WYOMING, Mich. — A Republican lawmaker who has been at odds with Gov. Gretchen Whitmer is supporting her call for a bipartisan bill requiring masks to be worn in indoor places and crowded outdoor areas.
“We need to unify government, be on the same team to be able to say, ‘let’s get this over with,’’’ Rep. Tommy Brann, R-Wyoming, said Wednesday.
Brann says an existing health department order requiring people to wear masks in many public venues should be Michigan law until the coronavirus pandemic is brought under control.
“It’s not permanent,’’ Brann said. “We just need to come together and get it under control.’’
Brann, who owns a steakhouse in Wyoming, said small businesses have been hit particularly hard. Mask use, he said, will slow the spread of the virus and save lives.
A reduction in COVID-19 cases, he said, will also expedite a return to normal.
“I’ve always tried to be a good, honest person and not let anybody down,’’ he said. “But I put my right hand up and took an oath to protect the safety and the health of the Michigan people. And I take that seriously, as I should.’’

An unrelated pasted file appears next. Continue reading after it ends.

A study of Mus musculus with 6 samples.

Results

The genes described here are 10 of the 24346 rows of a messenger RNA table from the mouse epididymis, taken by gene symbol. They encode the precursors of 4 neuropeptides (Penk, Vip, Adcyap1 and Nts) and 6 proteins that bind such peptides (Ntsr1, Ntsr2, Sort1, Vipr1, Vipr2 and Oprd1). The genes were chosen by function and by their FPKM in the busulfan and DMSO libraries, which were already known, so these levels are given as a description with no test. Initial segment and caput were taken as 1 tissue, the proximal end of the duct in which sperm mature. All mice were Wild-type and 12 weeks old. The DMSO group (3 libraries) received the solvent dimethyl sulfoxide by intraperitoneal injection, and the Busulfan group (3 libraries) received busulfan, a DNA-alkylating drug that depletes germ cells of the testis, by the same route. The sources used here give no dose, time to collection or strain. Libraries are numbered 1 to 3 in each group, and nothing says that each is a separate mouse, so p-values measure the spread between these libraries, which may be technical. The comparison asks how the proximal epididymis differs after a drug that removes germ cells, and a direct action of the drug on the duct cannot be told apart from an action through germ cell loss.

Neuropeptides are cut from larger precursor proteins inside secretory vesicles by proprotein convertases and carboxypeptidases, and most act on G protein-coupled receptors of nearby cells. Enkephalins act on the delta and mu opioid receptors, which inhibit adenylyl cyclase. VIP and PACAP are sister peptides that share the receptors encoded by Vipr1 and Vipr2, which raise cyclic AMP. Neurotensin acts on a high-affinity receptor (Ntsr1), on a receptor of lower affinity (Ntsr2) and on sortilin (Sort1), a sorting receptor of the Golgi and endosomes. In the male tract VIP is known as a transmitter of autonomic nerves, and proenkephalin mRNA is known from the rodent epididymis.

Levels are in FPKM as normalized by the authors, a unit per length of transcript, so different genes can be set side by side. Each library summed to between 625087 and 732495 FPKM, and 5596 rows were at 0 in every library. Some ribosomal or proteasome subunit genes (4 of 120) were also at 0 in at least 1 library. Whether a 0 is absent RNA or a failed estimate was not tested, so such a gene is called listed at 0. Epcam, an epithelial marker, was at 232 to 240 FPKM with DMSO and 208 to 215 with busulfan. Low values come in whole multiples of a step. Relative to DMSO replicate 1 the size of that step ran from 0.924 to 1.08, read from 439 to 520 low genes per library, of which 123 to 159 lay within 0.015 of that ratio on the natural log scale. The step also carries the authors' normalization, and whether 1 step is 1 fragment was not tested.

Dr. Rob Davidson, an emergency room physician who ran for state office as a Democrat, joined Brann in calling for the mask law.
“Masks, along with physical distancing, are far and away the best tool we have to stop the exponential growth of COVID-19 cases and get our state back on track,’’ Davidson said in a media release.
Davidson noted that bipartisan mask rules are cropping up around the Midwest. “We applaud every elected official who steps up to the plate to protect their communities on this issue,’’ he said in the release.
Brann said he did his homework before supporting a mask law. He said he talked with Metro Health President/CEO Dr. Peter Hahn and state Sen. John Bizon, R-Battle Creek, a doctor.
“It’s the doctors I trust, and the nurses I trust,’’ Brann said. “And every doctor and nurse I talk to says masks do save lives.’’
Whitmer earlier this month called on lawmakers to pass a law requiring residents to wear masks in indoor places and crowded outdoor areas.
"We have a common enemy, and it is COVID-19, not one another,’’ Whitmer said in a statement at the time. “This pandemic has ravaged our state. We are seeing record numbers of COVID-19 cases and hospitalizations.
“I’m ready to work with the legislature to keep our families safe,’’ the statement read.